Prenups and cohabitation agreements – why do we feel uncomfortable talking about money when we move in together?
The fact is that many people feel awkward talking about what should happen to the money and property we already have when we move in together.
Signing prenups and cohabitation agreements should be as natural and as routine to people as taking out a life insurance policy when you take on a mortgage.
It should in fact be something that the law helps us with automatically, but unfortunately it doesn’t. We have to help ourselves – and that starts with talking about it.
A little bit of background
Did you know that until 140 years ago married women in the UK weren’t allowed to own their own property or open a bank account?
140 years ago. Old news?
Ok, did you know that right up until the Sex Discrimination Act 1975, banks were allowed to have a policy requiring women to have their husband’s permission before they could open a bank account in their sole name?
Yes, that’s 1975 – less than 50 years ago.
So, when I was a child, my mother could be prevented by a bank manager from opening a bank account in her sole name without my father’s permission.
Even if you’re in your 20s or 30s now, your own parents grew up in an age where that routinely happened.
It’s not that surprising that 1 generation on, we still don’t find it easy in a social or familial context to talk about couples having separate assets or owning separate shares of property, even separate money.
Other countries around the world
In France, Germany, Italy, Spain, Poland, large parts of the US, Canada, South Africa and a host of other countries there is a legally recognised principle of community of property after marriage.
The general thrust of this principle is that everything you have before you get married is personal to you and everything you acquire (whether together or separately) during the marriage is joint. It’s a bit like having to sign prenups and cohabitation agreements along with applying for a marriage licence.
Each country has its own particular way of dividing communal property and of safeguarding the welfare of children, vulnerable spouses etc.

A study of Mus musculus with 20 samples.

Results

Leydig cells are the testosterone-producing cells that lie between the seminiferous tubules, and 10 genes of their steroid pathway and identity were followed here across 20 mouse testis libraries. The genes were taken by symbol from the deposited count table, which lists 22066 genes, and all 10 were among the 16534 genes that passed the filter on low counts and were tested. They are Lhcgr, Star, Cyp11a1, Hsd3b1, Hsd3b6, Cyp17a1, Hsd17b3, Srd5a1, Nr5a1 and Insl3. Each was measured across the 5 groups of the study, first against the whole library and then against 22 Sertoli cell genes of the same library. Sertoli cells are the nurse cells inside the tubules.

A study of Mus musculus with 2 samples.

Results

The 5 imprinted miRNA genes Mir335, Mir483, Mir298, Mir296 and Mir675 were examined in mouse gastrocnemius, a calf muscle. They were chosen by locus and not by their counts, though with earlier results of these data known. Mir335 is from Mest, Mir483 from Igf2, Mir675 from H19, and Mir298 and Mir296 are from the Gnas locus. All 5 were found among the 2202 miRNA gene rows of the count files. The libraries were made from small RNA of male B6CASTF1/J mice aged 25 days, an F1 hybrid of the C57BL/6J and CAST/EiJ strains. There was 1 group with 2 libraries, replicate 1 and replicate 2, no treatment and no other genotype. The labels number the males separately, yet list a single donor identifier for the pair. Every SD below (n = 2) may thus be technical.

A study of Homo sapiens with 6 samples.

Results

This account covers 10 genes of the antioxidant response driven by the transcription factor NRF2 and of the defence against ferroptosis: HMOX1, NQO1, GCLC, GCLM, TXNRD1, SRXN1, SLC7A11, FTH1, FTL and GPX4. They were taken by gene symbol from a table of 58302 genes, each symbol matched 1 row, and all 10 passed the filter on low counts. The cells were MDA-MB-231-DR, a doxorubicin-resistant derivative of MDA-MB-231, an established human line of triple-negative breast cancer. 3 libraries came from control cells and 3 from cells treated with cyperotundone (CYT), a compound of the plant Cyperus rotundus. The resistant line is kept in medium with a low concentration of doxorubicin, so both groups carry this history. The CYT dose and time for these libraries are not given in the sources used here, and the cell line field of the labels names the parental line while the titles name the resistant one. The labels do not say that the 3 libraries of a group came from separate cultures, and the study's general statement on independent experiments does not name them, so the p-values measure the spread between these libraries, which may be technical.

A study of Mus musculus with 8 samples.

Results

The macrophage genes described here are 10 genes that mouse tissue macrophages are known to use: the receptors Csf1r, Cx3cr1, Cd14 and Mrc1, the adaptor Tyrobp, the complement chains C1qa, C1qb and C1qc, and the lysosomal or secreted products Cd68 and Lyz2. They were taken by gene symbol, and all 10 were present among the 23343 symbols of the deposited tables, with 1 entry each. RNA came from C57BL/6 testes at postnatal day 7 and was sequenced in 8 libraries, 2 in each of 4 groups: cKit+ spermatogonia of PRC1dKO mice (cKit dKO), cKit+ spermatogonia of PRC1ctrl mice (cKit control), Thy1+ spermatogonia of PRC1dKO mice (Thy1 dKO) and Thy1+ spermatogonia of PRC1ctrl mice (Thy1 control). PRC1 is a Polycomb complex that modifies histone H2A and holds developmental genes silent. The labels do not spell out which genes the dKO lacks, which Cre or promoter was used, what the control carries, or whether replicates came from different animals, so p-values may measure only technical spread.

But the point is, they have addressed it as an issue in the legal framework. Unlike in the UK where we have no community of property law.
Why don’t we have one?
Well, we have a long tradition in this country, of lawmakers not wanting to interfere in how we arrange our lives, financially or otherwise.
And so it’s left to us to do it ourselves. We need to prepare any agreements we consider appropriate at the appropriate time.
And if we don’t, well the court has the power as a last resort to make orders distributing property after divorce if we can’t agree a fair way forward.
I can see the reasoning behind this but the problem is, in a society where no one wants to talk about money, those agreements often don’t get written down. And by the time we actually need them, it’s often too late.
Either, we can’t agree on what we agreed.
Or, we can’t agree on what we might have agreed if we’d thought about it.
Or, we can’t remember.
Other countries have laws that tell people what is joint property and what is personal.
England and Wales don’t have this law.
Other countries make people sign agreements at the time they get married if they want to opt out of the default situation.
The law in England and Wales doesn’t even have a default position.
It’s easy to forget what you agreed and easier to fall out about it.
A cohabitation agreement, deed of trust or a prenuptial agreement are all types of family law agreement.
Even though these are not automatic in this country they are straightforward to prepare and will help you avoid conflict down the line.